If you’re new to running, you’ve probably considered signing up for a race to keep you motivated. When doing so, you probably thought a 5K was your only option, right? Though the 5K is more often than not the first race people do, it doesn’t have to be. Have your eye on a local 10K? Want to go straight to the half marathon? Go for it!
“The 5K is the most common first race chosen by other runners, so many people think, Why change from what most people do,” explains Daniel Love, PT, DPT, head coach at Running With Doc, LLC. “I would say it is kind of an approach and mentality that ‘it worked for so-and-so, so it should work for me.’”
Love also notes a 5K is considered a manageable distance for most individuals — it requires training without seeming too daunting — but if there isn’t an accessible 3.1-mile race near you or you are hoping to push yourself further, here’s what you need to know about tackling a longer distance.
BUILD YOUR BASE
Before you start training for that first race, it is best to build up your ‘base’ so your body adjusts to running a few times per week. Taking the time to build a solid base will also make your training go much more smoothly.
“Base fitness can mean different things to different levels of runners,” admits Jeremy Hammer, owner and running coach at KC Endurance, “but generally for a beginning runner I would recommend they get in about a month of running — or a combination of running and walking — three days a week for 30 minutes at a time.”
In the beginning, running for time is a great way to hold yourself accountable and gradually increase your fitness. As your speed increases, your distance run will, too. Love shares that the most important thing is to focus on regular running over the course of several weeks, regardless of the distance. Once you begin your training, then you can focus on running for distance.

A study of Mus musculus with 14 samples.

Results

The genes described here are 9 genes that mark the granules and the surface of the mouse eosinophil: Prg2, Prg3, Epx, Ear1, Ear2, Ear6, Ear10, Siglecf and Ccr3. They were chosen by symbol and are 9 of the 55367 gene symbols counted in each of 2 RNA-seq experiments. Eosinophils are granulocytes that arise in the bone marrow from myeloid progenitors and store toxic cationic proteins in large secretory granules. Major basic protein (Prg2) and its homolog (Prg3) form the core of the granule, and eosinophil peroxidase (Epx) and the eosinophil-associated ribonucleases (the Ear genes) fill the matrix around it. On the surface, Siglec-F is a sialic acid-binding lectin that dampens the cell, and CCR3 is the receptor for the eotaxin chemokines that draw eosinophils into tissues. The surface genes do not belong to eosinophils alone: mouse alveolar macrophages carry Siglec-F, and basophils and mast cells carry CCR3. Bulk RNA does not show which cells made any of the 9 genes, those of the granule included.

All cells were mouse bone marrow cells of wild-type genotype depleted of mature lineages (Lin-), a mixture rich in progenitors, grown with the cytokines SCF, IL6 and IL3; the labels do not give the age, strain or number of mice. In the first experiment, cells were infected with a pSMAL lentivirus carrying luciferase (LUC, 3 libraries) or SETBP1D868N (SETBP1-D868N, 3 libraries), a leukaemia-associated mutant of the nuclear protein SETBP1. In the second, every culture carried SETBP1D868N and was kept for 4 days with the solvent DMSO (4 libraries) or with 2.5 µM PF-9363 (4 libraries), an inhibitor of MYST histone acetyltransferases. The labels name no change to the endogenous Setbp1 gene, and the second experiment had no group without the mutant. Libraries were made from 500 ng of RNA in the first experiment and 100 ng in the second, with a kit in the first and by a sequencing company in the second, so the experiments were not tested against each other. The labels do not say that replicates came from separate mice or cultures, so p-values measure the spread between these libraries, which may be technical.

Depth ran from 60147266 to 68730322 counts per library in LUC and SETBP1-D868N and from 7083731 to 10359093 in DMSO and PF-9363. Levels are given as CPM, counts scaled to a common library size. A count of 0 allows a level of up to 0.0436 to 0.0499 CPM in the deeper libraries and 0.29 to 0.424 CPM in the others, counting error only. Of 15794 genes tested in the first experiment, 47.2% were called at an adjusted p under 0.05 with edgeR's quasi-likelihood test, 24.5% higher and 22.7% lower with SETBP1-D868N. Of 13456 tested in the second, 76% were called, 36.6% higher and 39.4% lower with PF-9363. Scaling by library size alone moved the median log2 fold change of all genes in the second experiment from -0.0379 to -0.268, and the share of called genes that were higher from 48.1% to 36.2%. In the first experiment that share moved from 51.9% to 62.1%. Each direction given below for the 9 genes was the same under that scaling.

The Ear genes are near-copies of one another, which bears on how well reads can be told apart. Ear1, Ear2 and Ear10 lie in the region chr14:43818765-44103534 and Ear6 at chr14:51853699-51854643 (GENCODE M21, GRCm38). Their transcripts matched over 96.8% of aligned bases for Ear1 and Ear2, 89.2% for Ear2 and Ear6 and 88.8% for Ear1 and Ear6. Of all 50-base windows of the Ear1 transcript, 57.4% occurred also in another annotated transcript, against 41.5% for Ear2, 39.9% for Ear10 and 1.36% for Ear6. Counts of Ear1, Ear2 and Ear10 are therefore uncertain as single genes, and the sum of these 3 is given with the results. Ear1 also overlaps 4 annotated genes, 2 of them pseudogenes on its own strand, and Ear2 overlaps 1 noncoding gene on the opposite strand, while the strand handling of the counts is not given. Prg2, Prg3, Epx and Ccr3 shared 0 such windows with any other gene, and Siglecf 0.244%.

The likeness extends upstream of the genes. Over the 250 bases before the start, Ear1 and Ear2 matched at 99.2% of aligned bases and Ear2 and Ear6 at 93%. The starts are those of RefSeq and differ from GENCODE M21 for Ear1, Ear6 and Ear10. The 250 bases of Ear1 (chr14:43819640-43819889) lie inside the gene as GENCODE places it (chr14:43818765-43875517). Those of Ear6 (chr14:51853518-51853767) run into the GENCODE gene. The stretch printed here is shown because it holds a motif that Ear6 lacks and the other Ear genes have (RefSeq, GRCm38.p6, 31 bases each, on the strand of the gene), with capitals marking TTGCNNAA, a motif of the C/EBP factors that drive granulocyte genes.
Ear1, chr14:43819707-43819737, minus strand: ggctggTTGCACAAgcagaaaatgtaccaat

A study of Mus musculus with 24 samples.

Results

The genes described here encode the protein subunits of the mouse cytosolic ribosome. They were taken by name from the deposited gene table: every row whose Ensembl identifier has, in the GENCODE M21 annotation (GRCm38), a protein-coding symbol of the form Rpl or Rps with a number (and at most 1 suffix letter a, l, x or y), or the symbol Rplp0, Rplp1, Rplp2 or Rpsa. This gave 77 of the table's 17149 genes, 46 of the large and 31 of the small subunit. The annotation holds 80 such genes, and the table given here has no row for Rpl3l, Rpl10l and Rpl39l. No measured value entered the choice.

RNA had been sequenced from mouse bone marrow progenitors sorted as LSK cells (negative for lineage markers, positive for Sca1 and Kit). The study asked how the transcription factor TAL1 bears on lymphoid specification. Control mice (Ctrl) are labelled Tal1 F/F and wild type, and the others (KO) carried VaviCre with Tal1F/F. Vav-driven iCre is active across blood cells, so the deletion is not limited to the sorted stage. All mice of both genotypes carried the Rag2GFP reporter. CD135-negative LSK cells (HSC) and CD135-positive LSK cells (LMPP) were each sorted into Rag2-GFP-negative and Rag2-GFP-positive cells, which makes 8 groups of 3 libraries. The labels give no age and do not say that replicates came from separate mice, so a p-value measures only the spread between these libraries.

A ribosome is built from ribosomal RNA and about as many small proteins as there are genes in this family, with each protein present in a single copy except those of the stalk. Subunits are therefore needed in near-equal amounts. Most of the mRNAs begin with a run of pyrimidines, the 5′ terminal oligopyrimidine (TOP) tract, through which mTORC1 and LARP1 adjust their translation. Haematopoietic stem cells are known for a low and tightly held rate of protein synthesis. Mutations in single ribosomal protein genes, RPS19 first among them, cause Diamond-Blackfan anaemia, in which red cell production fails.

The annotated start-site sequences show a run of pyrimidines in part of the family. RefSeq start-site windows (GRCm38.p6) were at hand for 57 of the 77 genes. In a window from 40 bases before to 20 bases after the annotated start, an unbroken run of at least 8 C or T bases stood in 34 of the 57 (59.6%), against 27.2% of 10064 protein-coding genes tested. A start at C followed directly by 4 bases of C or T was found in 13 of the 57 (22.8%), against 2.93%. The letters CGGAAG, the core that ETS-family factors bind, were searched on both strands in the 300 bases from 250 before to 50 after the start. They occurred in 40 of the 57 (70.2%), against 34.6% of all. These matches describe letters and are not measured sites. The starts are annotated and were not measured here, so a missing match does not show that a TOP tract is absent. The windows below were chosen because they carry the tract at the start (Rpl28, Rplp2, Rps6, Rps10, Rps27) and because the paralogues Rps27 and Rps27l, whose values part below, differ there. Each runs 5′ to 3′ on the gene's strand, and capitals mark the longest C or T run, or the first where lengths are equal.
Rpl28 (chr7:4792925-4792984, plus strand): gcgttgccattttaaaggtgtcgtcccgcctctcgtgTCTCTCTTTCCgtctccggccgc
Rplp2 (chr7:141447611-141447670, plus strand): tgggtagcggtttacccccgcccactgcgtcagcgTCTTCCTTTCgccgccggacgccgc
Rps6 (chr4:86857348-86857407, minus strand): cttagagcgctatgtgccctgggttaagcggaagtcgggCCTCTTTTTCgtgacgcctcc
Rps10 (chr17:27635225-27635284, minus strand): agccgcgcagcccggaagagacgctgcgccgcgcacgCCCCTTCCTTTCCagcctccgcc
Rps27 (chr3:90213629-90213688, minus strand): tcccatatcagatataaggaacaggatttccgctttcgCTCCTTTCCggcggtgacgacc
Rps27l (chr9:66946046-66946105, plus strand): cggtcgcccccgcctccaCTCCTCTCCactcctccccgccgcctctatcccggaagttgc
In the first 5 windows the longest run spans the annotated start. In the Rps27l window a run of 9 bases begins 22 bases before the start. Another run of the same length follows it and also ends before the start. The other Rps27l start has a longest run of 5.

CHOOSE YOUR DISTANCE
Once you’ve decided to tackle something longer than a 5K, the first thing to consider is how long you have to train. Choosing a marathon two months away won’t give you enough training time, for example, but a 10K would be completely doable. Staying realistic about how long you have to prepare is the best place to start.
Next you’ll want to prioritize what is most important to you in training. Setting smaller goals that serve as benchmarks to your race is a great way to do that and, yet again, staying realistic is important.
“If a beginner chose to do a longer race, it might be most important to finish the race healthy and having fun versus finish the race with a certain time goal in mind,” notes Love. “On the flip side, if choosing a shorter race, you might be able to focus a little more on increasing your speed.”
To make sure you train properly without pushing yourself too far or too fast, hiring a coach or finding a running group is the best way to go. Not only will you have someone there to answer the common questions new runners have, but you’ll also have another form of accountability in the mix.
“With the longer distances, the stakes are higher due to the need for more time, energy and planning, and a coach certainly should be able to help with providing valuable feedback and a solid plan,” confirms Love. “One could argue successfully that it is easy to find training plans anywhere online these days, and this is a true statement! That being said, a coach should provide much more than a generic training plan; the value of working with a coach is to receive truly individualized guidance to help you meet your very individualized goals.”
Hammer echoes that statement, adding that even coaches need coaches. Having someone there who can switch up your training if needed is crucial to making sure you are ready at the start line on race day. Additionally, they can help prepare you for the time commitment involved in training and will be there every step of the way.
If you do decide to run a race longer than a 5K as your first, getting in the habit of consistently running is a great way to make sure it is a lifelong commitment, instead of just a fleeting hobby.